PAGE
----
Worldwide Locations

Worldwide Locations

Burmese Hsaing and Anyein

Hsaing Waing Ensemble

Hsaing Waing Ensemble

The hsaing ensemble contains a richly varied set of instruments. The leader of the ensemble is always the player of the drum circle, patt waing. This is a set of 21 drums hanging inside a circular and ornately decorated frame. Each drum is carefully tuned by the application of a bit of tuning paste to the center of the drum. The tuning is frequently altered during a performance according to the requirements of the particular composition being played. The player evokes a variety of sounds from the patt waing by several different types of deft strokes with the bare fingers on the head of the drum.

The strong contrasting instrumental voice in the hsaing ensemble is that of the small double reed instrument called hne. For certain ceremonial compositions such as the sido gyi, a larger version of this instrument, the hne gyi is employed. The patt waing and hne frequently work together, often going into a kind of musical game of tag in which the player of the drum circle improvises a short phrase which must be imitated precisely by the hne player with the audience passing judgment throughout. Two other melody instruments, the kyi waing and the maung hsaing, fill out the ensemble, usually supporting the drum circle but often switching sides to play with the hne for purposes of contrast. The kyi waing is a high-pitched set of bronze gongs played with mallets and set in a gilded wooden circular frame similar to, but lower than that of the patt waing. The maung hsaing is a set of bronze gongs lower and more mellow in tone than those of the kyi waing. The gongs of the maung hsaing are set in a rectangular frame.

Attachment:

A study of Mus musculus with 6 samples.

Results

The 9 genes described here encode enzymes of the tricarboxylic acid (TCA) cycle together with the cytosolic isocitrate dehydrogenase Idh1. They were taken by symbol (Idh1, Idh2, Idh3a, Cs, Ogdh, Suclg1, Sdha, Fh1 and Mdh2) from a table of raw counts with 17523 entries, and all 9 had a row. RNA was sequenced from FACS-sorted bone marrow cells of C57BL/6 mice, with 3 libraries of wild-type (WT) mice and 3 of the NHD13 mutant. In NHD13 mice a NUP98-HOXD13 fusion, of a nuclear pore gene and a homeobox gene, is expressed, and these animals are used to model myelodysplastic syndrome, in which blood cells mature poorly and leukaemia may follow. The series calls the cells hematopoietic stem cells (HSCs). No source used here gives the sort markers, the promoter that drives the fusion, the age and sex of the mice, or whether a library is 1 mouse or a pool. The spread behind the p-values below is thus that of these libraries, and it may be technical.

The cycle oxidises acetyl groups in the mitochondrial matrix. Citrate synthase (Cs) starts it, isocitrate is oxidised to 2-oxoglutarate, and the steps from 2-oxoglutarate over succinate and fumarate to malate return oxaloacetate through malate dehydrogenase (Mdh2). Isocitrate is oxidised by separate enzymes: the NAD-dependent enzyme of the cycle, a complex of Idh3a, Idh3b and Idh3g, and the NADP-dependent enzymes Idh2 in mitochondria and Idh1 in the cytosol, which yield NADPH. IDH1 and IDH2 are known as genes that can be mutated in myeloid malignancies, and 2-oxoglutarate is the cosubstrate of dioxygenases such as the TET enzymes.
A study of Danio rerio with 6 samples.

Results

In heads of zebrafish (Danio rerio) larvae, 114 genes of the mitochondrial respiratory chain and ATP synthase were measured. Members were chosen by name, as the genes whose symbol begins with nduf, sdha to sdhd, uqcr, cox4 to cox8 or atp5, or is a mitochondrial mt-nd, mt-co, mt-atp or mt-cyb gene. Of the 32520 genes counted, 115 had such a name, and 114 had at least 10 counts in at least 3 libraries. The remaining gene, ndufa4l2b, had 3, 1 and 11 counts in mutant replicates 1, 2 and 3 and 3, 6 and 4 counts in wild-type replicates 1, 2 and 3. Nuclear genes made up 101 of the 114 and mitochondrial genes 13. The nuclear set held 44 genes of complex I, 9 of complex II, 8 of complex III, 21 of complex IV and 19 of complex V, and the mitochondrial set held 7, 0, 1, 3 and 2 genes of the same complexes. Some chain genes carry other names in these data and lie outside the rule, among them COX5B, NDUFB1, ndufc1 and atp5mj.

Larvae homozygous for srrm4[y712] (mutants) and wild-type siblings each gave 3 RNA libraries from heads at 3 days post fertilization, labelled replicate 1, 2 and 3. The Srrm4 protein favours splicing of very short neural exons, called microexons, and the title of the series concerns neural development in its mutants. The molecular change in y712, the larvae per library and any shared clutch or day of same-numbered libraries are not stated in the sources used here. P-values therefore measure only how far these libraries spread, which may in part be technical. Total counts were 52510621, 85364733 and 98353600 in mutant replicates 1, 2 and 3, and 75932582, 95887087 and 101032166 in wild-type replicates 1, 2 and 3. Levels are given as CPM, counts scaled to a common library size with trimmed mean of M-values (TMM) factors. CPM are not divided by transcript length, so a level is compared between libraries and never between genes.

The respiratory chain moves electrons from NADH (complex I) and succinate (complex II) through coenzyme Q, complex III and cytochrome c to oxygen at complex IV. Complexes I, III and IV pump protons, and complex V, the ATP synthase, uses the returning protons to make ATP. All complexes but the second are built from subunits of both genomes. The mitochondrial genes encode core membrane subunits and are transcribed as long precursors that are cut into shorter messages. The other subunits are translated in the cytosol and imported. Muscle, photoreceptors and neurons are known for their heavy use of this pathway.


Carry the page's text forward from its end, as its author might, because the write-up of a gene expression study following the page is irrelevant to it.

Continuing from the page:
The foundation of the musical structure of hsaing music is provided by these instruments. The hcau loun patt by name means six drums but is, in fact, a set of eight drums played by a single musician. Two large double-headed drums dominate and are used to set the underlying patterns of the music. In addition, a row of six smaller drums sit in front of the player and with these he creates patterns of contrasting high pitches to offset the basic patterns played on the large drums. The bell and clapper, his and wa, each played by a different musician, provide the main beats of the music with the stroke of the bamboo or wooden clapper maintaining the synchronization of any rhythmic or melodic phrase. In addition to these instrumentalists, there is often another musician in the group who plays whatever other drums may be required to create to a particular atmosphere for a special composition. There may also be a singer with the ensemble, but frequently the bell or clapper whether accompanying the voice or playing as solo instruments.

Two other instruments not traditionally part of the hsaing ensemble may be used to accompany songs in the more intimate court singing style. These are the saung gauk, a beautiful wooden harp with silk strings, elaborately gilded with the sound-body covered with deer skin. The patala is a xylophone with bamboo keys also used to accompany the voice. Both the harp and xylophone require the addition of the bell and clapper whether accompanying the voice or playing as solo instruments.

The Burmese musical system is based on a series of seven notes arranged in a number of different patterns of strong and weak notes to provide a rich variety of modes. When the hsaing performs a purely musical concert, it usually begins by playing in the ceremonial mode Hkun Hnathan Gyi. The principal portion of the performance requires that the drums be returned for playing in the Than You mode. The hsaing may play this way until midnight at which point the drums are returned for Nga Bauk. In the early hours of the morning the musicians will begin the last portion of the performance playing in Patt Sa Bou. However, when the hsaing accompanies either dance or drama, the tunings must be changed frequently in accordance with the compositions required by the action on the stage.